Hotter than normal temperatures are exacerbating the megadrought that's depleted Western water reserves, like Elephant Butte Reservoir in southern New Mexico, new research finds.
Mario Tama
Hotter than normal temperatures are exacerbating the megadrought that's depleted Western water reserves, like Elephant Butte Reservoir in southern New Mexico, new research finds.

Take a period of limited rainfall. Add heat. And you have what scientists call a 'hot drought' – dry conditions made more intense by the evaporative power of hotter temperatures.

A new study, published in the journal Science Advances, Wednesday, finds that hot droughts have become more prevalent and severe across the western U.S. as a result of human-caused climate change.

"The frequency of compound warm and dry summers particularly in the last 20 years is unprecedented," said Karen King, lead author of the study and an assistant professor at the University of Tennessee in Knoxville.

For much of the last 20 years, western North America has been in the grips of a megadrought that's strained crop producers and ecosystems, city planners and water managers. Scientists believe it to be the driest period in the region in at least 1,200 years. They reached that determination, in part, by studying the rings of trees collected from thousands of sites across the Western U.S.

Cross-sections or cores of trees, both living and dead, can offer scientists windows into climate conditions of the past. Dark scars can denote wildfires. Pale rings can indicate insect outbreaks. "Narrow rings [mean] less water," said King, a dendrochronologist, who specialized in tree ring dating. "Fatter rings, more water."

Scientists have looked at tree ring widths to understand how much water was in the soil at a given time. King and fellow researchers did something different. They wanted to investigate the density of individual rings to get a picture of historical temperatures. In hotter years, trees build denser cell walls to protect their water.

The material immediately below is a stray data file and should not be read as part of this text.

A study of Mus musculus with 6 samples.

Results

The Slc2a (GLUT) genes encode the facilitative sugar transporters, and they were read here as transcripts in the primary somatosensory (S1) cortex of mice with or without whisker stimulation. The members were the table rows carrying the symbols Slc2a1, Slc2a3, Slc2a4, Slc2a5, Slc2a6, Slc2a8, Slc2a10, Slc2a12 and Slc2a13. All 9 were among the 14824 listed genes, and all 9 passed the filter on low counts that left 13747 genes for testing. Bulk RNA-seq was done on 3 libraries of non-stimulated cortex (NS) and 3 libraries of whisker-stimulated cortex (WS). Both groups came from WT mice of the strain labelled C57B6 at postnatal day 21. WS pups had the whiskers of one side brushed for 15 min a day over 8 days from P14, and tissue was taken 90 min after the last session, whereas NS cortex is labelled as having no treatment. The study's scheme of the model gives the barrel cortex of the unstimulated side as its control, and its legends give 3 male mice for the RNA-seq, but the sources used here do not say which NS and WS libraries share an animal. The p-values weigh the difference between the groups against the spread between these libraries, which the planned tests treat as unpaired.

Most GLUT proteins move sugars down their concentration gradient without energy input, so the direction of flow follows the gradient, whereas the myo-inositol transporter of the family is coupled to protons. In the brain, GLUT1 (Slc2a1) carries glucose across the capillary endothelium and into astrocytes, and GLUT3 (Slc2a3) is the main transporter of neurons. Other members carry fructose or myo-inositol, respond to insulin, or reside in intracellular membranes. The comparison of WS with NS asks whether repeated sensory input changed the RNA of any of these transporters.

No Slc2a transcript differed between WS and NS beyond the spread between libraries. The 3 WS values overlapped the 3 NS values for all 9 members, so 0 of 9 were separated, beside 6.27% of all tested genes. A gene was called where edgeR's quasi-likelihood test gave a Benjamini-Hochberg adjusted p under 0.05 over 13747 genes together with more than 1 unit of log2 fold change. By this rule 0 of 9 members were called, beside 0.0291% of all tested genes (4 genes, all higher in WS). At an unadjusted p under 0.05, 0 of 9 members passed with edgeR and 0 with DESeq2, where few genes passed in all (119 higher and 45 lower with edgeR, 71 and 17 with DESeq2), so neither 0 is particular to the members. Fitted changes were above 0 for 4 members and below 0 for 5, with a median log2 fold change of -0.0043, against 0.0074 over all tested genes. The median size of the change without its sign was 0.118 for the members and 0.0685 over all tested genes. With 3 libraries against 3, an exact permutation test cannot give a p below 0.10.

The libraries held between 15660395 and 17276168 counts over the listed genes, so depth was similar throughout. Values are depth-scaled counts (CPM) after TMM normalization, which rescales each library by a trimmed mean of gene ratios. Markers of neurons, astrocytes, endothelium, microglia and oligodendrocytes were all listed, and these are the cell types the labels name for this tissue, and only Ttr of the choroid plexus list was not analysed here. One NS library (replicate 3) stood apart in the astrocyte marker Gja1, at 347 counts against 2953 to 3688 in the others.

King collected samples of tree species from mountain ranges around the West, road-tripping from the Sierra Nevada to British Columbia to the southern Rockies. She and her co-authors used those samples and others to reconstruct a history of summer temperatures in the West over the last 500 years.

The tree rings showed that the first two decades of this century were the hottest the southwestern U.S., the Pacific Northwest and parts of Texas and Mexico had experienced during that time. Last year was the hottest year on record globally.

By combining that temperature data with another tree-ring-sourced dataset looking at soil moisture, the researchers showed that today's hotter temperatures – sent soaring by the burning of fossil fuels and other human activities – have made the current western megadrought different from its predecessors.

It also suggests that future droughts will be exacerbated by higher temperatures, particularly in the Great Plains, home to one of the world's largest aquifers, and the Colorado River Basin, the source of water for some 40 million people.

"As model simulations show that climate change is projected to substantially increase the severity and occurrence of compound drought and heatwaves across many regions of the world by the end of the 21st century," the authors wrote. "It is clear that anthropogenic drying has only just begun."

Copyright 2024 NPR. To see more, visit https://www.npr.org.